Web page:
On December 19, 2018, the North Carolina Supreme Court issued several amendments to the North Carolina Rules of Appellate Procedure—which are set to take effect on January 1, 2019. The amendments mostly comprise a large-scale overhaul of the Appellate Rules pertaining to appeals involving juveniles. However, a few amendments are also made to provisions affecting civil litigants.
The first change the Supreme Court has made is the deletion of subsection (a)(4) of Rule 9 regarding the composition of the Record on Appeal. Previously, subsection (a)(4) instructed parties to an appeal to redact social security numbers in a document before including it in the Record on Appeal. Subsection (a)(4) has been deleted in its entirety; however, the mandate to redact personal information has been re-codified in a new rule—Rule 42. Rule 42 is an entirely new rule devoted to protecting identities and personal information by outlining the procedure parties must follow when filing appellate documents that were sealed at the trial level and by listing categories of information that must be redacted from otherwise public documents. Specifically, Rule 42(e) replaces the social security number redaction language of Rule 9(a)(4) but broadens it by stating that driver license numbers, financial account numbers, social security numbers, and tax identification numbers must be excluded or redacted from filed documents.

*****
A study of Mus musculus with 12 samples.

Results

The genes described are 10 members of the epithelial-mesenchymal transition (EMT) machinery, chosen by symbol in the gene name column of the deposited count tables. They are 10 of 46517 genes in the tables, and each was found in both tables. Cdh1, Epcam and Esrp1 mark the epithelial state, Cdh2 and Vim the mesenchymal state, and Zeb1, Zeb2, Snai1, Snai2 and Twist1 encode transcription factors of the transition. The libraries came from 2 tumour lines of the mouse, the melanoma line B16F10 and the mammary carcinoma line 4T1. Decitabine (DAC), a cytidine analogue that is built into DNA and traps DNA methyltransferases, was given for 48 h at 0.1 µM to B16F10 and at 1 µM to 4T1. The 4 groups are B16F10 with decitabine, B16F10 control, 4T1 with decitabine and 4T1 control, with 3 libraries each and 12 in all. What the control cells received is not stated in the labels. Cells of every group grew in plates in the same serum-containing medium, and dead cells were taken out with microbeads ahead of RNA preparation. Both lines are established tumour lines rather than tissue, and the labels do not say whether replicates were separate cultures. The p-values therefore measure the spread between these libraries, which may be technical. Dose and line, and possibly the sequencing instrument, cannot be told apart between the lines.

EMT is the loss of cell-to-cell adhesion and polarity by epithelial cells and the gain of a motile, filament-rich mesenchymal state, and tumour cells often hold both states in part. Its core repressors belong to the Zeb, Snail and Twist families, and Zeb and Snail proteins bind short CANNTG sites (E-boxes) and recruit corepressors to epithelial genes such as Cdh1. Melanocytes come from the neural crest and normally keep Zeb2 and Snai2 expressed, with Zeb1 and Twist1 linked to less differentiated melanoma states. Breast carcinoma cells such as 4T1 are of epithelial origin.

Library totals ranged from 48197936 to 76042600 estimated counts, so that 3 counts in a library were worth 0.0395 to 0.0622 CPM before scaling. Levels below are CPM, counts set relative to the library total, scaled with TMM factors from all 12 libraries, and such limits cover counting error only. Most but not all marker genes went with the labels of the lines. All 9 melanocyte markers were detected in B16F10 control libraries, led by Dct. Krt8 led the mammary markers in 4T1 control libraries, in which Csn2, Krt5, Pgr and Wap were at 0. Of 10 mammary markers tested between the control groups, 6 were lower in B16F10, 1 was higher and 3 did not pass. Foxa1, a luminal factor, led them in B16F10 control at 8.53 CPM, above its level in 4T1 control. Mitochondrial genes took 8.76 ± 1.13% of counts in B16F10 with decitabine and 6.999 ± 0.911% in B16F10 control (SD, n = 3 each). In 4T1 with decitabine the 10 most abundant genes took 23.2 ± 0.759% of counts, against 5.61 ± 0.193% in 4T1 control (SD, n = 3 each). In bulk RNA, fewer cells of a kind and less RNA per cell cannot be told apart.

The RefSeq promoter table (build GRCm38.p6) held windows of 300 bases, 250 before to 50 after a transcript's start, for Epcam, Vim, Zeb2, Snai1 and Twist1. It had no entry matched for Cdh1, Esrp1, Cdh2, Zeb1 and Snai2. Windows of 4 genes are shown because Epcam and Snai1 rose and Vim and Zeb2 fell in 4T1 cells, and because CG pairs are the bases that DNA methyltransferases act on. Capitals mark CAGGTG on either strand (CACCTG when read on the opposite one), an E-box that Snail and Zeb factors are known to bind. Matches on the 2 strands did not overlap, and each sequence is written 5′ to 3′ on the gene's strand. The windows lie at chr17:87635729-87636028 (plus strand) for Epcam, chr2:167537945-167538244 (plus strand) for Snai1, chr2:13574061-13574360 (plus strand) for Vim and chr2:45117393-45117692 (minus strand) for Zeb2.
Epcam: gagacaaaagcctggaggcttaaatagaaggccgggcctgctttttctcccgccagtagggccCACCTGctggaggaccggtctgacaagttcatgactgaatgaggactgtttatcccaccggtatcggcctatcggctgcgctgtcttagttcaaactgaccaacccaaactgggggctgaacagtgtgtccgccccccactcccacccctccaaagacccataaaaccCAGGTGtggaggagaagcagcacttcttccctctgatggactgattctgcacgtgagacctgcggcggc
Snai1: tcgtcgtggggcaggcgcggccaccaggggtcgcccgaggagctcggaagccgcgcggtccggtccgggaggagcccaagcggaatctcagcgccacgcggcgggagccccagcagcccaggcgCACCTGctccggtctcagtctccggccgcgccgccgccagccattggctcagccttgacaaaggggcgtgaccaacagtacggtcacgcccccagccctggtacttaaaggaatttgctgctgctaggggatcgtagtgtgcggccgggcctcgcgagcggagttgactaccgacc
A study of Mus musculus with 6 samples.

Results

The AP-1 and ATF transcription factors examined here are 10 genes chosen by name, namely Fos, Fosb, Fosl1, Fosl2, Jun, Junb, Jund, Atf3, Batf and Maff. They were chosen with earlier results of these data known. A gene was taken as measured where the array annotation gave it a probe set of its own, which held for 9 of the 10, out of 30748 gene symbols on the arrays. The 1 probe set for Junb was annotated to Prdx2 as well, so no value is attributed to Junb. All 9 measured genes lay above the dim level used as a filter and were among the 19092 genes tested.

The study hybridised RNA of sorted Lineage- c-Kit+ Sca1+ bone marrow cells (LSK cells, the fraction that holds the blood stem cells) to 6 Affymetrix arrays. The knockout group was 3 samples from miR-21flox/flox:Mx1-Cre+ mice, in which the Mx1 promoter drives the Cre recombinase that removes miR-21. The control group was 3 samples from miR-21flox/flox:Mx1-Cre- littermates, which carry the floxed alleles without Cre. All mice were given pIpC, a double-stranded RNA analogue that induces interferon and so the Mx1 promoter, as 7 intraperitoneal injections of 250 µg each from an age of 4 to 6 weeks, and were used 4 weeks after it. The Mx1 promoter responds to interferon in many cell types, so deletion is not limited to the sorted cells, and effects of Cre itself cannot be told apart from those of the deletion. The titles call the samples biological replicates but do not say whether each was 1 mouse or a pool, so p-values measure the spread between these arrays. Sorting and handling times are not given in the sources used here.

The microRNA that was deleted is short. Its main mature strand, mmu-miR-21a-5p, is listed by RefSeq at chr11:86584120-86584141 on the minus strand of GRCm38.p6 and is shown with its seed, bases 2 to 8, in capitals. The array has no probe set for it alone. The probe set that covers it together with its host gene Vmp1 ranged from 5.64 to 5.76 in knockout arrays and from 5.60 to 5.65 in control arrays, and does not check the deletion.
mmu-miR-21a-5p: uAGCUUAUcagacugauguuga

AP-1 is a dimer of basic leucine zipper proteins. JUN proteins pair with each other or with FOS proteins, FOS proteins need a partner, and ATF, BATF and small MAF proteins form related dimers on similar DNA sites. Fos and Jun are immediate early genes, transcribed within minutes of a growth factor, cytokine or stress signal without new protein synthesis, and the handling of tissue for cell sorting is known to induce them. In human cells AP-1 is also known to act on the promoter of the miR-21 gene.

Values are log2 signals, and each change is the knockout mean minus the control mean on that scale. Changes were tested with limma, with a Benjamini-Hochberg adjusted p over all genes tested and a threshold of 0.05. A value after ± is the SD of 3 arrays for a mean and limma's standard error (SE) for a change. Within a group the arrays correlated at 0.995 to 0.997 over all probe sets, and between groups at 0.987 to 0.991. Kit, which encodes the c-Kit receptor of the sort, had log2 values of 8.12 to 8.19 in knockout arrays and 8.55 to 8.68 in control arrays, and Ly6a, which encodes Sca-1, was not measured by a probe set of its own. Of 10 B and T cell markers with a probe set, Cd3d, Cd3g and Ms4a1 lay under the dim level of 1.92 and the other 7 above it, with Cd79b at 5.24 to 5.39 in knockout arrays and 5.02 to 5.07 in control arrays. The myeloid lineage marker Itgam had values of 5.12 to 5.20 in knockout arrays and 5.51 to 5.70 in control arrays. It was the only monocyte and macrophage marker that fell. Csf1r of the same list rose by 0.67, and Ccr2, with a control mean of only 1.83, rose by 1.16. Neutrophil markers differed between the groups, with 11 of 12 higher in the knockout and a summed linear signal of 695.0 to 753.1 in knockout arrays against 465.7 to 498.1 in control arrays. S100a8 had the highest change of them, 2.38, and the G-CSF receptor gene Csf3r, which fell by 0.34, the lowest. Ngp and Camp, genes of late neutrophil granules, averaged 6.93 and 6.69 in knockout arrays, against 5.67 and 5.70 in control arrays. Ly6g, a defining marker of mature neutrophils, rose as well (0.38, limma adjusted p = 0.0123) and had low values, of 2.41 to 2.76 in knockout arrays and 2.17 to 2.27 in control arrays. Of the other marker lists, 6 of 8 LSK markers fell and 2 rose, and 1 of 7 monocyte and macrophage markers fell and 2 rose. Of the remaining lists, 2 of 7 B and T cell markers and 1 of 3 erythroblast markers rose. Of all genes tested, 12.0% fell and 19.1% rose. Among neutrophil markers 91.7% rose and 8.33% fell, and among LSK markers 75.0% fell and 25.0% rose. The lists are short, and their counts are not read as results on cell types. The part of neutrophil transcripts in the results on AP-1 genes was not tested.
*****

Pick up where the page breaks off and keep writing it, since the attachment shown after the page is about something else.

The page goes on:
The Court also made amendments to several rules pertaining to its fairly ubiquitous 3 copy rule. For instance, under the previous rules, a party was required to file 3 copies of any Rule 9(b)(5)(a) Supplement to the Printed Record on Appeal, Rule 9(d) Exhibit, Rule 11(c) Supplement, and Rule 18(d)(3) Supplement. Under the new amendments, a party is only required to file one copy each of any of the above mentioned supplements or exhibits.
Finally, and most significantly, the Court amended Rule 13, which addresses the filing and service of appellate briefs. Under the previous rule, an appellant’s 30-day deadline to file its brief was triggered when the clerk of the appellate court mailed the printed Record on Appeal to the parties. The Court amended Rule 13 so that now the 30-day deadline is triggered once the Record on Appeal is filed with the Court. This has the practical effect of speeding up the appeal process by shortening the amount of time between filing of the Record on Appeal and filing of briefs. Note that under Rule 26(a), the Record on Appeal is considered filed on the date of mailing. Therefore, an appellant mailing the Record on Appeal to the appellate court must remain cognizant of the fact that the deadline for filing the appellant brief is triggered immediately once the Record on Appeal is placed in the mail. This is particularly crucial because an appellant’s failure to timely serve its brief can result in dismissal of the appeal!
The full text of the amendments can be found in the North Carolina Reports and on the rules web page of the Supreme Court of North Carolina. The rules will take effect on January 1, 2019.